The mountain resort industry sadly lost one of its true pioneers with the sudden, but peaceful, death of John Fry on Jan. 24, 2020, two days after celebrating his 90th birthday with his wife Marlies in Puerto Rico.
Fry devoted much of his life to ski journalism, serving on the staffs of SKI LIFE, SKI, Snow Country, Skiing Heritage (now Skiing History), and SAM magazine. His in-depth knowledge and unparalleled passion for skiing brought the sport to life through the thousands of pages he created over his lengthy career.
John’s passion for the sport of skiing also ran far beyond the written word as evidenced by his creation of NASTAR (National Standard Racing), the nationwide recreational alpine racing series that engaged resort visitors for decades, and continues to do so under the management of U.S. Ski and Snowboard. Fry also developed the Nations Cup of alpine skiing, ranking the worlds’ national ski teams based on World Cup points.
Outside of his extensive work overseeing several industry-leading magazines, Fry edited America’s Ski Book, revised edition (1973); co-authored, with Phil and Steve Mahre, their autobiography No Hill Too Fast (1985); and authored the award-winning book The Story of Modern Skiing (2006).
Understanding the important role that history plays in a sport that continues to mature, Fry was instrumental in creating the International Skiing History Association (and also served as president and chairman), where he worked tirelessly to preserve the sport’s incredibly rich past.
Fry’s devotion to the sport of skiing earned him much-deserved recognition on both sides of the border, with his election into the U.S. Ski and Snowboard Hall of Fame in 1995, the Laurentian Ski Hall of Fame in 2016, and the Canadian Ski Hall of Fame in 2018.
Born Jan. 22, 1930, in Montreal, Canada, Fry took up skiing at age six. He attended high school at Lower Canada College (class of 1947) and was a member of its championship ski team. At McGill University he raced for the Red Birds Ski Club and earned a bachelor of arts degree in 1951.
Fry emigrated to New York City in 1957 to join the daily trade paper American Metal Market and freelanced as a contributing editor of Ski Life, a national magazine launched in 1959, soon to be merged with SKI Magazine. In 1963 he joined SKI as executive editor, and editor of its sister publication, Ski Business. In 1964 he was named editor-in-chief of SKI, and in 1969 became editorial director of SKI and Golf Magazines. After the Times Mirror Company acquired the titles in 1972, he served as editorial director of Outdoor Life, SKI and GOLF. In 1965 he married Marlies Strillinger.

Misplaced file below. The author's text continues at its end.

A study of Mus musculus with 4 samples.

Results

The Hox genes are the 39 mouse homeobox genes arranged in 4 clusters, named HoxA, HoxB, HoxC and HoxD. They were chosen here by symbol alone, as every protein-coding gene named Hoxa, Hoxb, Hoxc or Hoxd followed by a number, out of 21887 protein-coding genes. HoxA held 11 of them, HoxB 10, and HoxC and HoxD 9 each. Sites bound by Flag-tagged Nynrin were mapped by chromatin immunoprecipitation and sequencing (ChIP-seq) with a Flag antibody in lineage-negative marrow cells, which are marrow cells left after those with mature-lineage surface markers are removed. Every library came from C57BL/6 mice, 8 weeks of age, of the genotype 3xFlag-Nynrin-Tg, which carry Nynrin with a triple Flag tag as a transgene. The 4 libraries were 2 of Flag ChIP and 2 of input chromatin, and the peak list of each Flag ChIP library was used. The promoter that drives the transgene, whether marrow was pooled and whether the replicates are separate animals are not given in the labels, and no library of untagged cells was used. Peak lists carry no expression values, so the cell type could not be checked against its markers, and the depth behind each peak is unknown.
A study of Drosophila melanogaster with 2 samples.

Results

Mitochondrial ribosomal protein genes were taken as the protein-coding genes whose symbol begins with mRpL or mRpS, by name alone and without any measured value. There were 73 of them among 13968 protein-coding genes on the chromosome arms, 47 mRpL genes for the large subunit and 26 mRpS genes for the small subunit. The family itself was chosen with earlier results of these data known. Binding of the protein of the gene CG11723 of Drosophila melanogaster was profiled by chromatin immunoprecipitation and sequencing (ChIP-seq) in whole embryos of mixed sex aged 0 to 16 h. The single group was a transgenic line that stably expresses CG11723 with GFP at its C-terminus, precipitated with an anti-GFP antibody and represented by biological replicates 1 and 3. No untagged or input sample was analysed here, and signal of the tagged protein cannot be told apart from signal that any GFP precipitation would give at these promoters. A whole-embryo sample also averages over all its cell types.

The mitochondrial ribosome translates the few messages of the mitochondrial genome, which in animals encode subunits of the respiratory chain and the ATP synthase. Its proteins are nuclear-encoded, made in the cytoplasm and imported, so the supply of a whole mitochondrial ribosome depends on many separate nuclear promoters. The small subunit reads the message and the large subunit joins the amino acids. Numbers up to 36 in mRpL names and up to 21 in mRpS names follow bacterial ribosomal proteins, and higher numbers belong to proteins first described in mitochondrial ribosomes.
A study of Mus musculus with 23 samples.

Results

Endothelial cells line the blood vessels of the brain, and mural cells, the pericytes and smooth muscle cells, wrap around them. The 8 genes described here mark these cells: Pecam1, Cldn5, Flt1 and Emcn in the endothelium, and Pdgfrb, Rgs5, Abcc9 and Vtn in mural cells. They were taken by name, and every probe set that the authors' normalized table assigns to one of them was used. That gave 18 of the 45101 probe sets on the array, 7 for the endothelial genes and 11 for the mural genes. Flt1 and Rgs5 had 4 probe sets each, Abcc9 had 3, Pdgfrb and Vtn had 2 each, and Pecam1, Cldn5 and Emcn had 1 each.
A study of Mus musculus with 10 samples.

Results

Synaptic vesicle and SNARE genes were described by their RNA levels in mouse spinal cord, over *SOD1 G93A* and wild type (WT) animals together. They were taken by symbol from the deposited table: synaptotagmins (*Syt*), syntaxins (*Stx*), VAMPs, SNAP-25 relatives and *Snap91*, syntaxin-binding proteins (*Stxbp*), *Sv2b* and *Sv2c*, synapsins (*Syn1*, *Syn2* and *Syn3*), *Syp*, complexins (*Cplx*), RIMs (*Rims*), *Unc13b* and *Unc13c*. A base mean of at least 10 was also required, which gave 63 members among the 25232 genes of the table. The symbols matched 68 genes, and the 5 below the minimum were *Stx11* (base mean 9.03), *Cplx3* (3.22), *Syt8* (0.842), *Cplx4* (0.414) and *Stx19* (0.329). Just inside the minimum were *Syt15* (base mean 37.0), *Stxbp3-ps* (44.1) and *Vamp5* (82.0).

In the summer of 1987, the New York Times Co. retained Fry to create a new magazine, Snow Country. When the magazine debuted in January 1988, he became the full-time editor-in-chief. Snow Country attained a circulation of 450,000.
He retired from the New York Times Co. in 1999 and returned to SKI as a contributing editor. He remained an active contributor at Skiing History magazine until his death.
Fry is survived by his wife of 55 years, Marlies; their daughter, Nicole Fry; his children by Ann Lyons, the sculptor Leslie Fry and William Fry; and grandchildren Sarah and Emily Fry.
A memorial will be planned later, at which time SAM will provide details.
A personal note from Olivia and Jennifer Rowan
John Fry's contributions rank with the best of the best in the industry, but personally, John has been a mentor to us, and a best friend and lifelong colleague to our father David, the founding publisher of SAM. They were among the original pioneers who built the foundation for our industry. John's contributions to our little magazine were many over the years, and he will be deeply missed.